New rules will allow collegiate athletes to profit, but complications must first be addressed

By Adam Menikefs: Contributor

(Originally posted at The Mcgill Tribune

The National Collegiate Athletic Association (NCAA) Board of Governors voted unanimously on Oct. 29 to soon allow student-athletes to monetize their name, image, and likeness. The vote was in light of a bill recently passed in California that also allows NCAA athletes in the state to be similarly compensated. NCAA President Mark Emmert stated that California’s legislation, as well as calls for change from athletes such as LeBron James, were influential in the NCAA’s decision, as the organization has recently faced fierce criticism for not paying its athletes. 

The NCAA needs to work through many issues before athletes can receive any form of monetary compensation. Setting rules and regulations for how compensation is distributed key to laying the groundwork for the payment of collegiate athletes.

First off, there is a large gap between the monetary value of collegiate athletes across conferences, sports, and genders. Division I football games regularly bring in millions of viewers. A star quarterback in a well-known Division I program, such as the University of Alabama, could receive much more profitable sponsorship deals because the wider reach of his sport allows for higher potential profits from advertising. In contrast, an Olympic-level female fencer may only be able to receive pay from an advertisement for a local business. This is because not all NCAA sports are televised live and some require a subscription to ESPN+ to watch in the United States, limiting the advertisements’ reach and the potential profits for sponsors. Thus, the NCAA must regulate these sponsorships from companies to keep financial balance among student-athletes who all fall under the same governing body.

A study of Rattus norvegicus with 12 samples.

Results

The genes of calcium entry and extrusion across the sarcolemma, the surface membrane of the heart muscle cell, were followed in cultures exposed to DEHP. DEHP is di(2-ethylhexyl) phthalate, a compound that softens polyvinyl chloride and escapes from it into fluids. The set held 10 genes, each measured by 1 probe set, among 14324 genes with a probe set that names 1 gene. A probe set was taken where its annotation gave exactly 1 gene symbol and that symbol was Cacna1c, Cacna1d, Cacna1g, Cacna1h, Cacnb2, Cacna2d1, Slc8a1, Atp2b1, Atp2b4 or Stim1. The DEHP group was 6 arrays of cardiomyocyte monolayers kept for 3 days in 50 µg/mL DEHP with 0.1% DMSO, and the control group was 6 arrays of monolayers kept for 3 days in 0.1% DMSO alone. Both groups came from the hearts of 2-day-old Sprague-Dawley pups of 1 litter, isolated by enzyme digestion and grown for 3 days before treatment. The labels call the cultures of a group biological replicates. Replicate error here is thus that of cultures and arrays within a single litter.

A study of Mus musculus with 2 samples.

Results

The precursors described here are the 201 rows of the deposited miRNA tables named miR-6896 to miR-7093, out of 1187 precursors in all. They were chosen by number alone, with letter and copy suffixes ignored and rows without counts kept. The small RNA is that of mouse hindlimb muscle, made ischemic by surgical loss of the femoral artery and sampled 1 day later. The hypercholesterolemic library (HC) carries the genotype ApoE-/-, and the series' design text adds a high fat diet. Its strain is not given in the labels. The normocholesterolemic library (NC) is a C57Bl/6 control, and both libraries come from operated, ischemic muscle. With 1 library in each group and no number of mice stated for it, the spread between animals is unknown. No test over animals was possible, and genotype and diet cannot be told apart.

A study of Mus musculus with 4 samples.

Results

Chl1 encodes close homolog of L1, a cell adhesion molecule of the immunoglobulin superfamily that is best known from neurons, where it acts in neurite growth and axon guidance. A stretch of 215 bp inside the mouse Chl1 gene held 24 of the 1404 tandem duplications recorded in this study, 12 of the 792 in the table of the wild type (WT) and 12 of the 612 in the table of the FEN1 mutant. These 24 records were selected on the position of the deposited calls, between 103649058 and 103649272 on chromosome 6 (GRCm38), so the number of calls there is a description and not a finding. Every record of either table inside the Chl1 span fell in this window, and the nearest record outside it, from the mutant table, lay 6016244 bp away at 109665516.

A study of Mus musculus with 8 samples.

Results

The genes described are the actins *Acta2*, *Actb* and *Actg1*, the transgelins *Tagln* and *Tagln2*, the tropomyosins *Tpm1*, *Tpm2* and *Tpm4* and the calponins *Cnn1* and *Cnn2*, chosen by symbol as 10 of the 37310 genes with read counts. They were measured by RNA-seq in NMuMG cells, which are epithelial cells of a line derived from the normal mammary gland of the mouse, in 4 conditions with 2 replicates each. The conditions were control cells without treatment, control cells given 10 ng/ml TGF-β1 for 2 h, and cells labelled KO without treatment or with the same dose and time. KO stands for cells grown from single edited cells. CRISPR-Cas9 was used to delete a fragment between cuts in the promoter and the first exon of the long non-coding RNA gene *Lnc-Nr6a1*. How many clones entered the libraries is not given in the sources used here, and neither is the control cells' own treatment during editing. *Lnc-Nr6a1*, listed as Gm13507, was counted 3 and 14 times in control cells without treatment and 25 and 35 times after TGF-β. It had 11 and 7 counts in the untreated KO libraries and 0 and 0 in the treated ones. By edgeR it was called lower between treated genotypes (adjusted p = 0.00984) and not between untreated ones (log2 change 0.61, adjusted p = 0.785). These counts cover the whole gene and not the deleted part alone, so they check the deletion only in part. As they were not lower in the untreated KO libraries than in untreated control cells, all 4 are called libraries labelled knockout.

Opening sponsorship opportunities for athletes also creates an entirely new problem within recruiting. The alumni and boosters who make large donations to university athletic programs could significantly affect the decisions of high school athletes, potentially creating an imbalance within collegiate sports. This is especially relevant in sports with high viewership and high monetary value for the NCAA, such as Division I men’s basketball. 

In 2018, Zion Williamson decided to attend Duke University to help him reach his ultimate goal of playing in the NBA. However, with monetary incentives open to recruits, that decision could have been altered. For example, Michael Jordan could have offered Williamson a Jordan brand sponsorship worth millions of dollars, were he to attend Duke’s chief rival and Jordan’s alma mater, the University of North Carolina. This would have likely factored heavily into Williamson’s decision. With this type of hypothetical becoming a possible reality in the future, the legislation outlining the monetization of athletes’ images and likeness must address this possible issue and ensure that recruitment stays fair across all sports and colleges. 

Zion Williamson has been touted as the “Next Lebron”

Although similar scenarios have arisen in collegiate athletics before, they will likely increase as the new regulations are instituted and punishments must be steep in order to deter programs from cheating the system. In 2010, the NCAA investigated University of Southern California (USC) football star and Heisman Trophy winner Reggie Bush and found that his family was given luxury gifts and hundreds of thousands of dollars from aspiring sports marketer Lloyd Lake. As a result, the USC football program and Bush were both given heavy sanctions including postseason bans, removal of thirty scholarships, and the forfeiture of both the 2004 National Championship and the 2005 Heisman trophy. Although many regarded the sanctions as harsh, similar consequences must be the norm if programs and players begin to abuse the new rules regarding monetization. 

Reggie Bush and the scandal at USC has become the poster boy for NCAA sanctions

The NCAA is heading in the right direction toward fairly compensating their athletes, but the plan remains in its early stages with many potential problems to address to ensure the success of this new proposal. The NCAA’s committee is set to issue a report in January 2020 at their annual meeting, and they have stated that a plan will be in place by January 2021. In doing so, athletes and fans alike may hope that the NCAA will appropriately consider these concerns to ensure that only the benefits of monetization are realized once the new policy is enacted.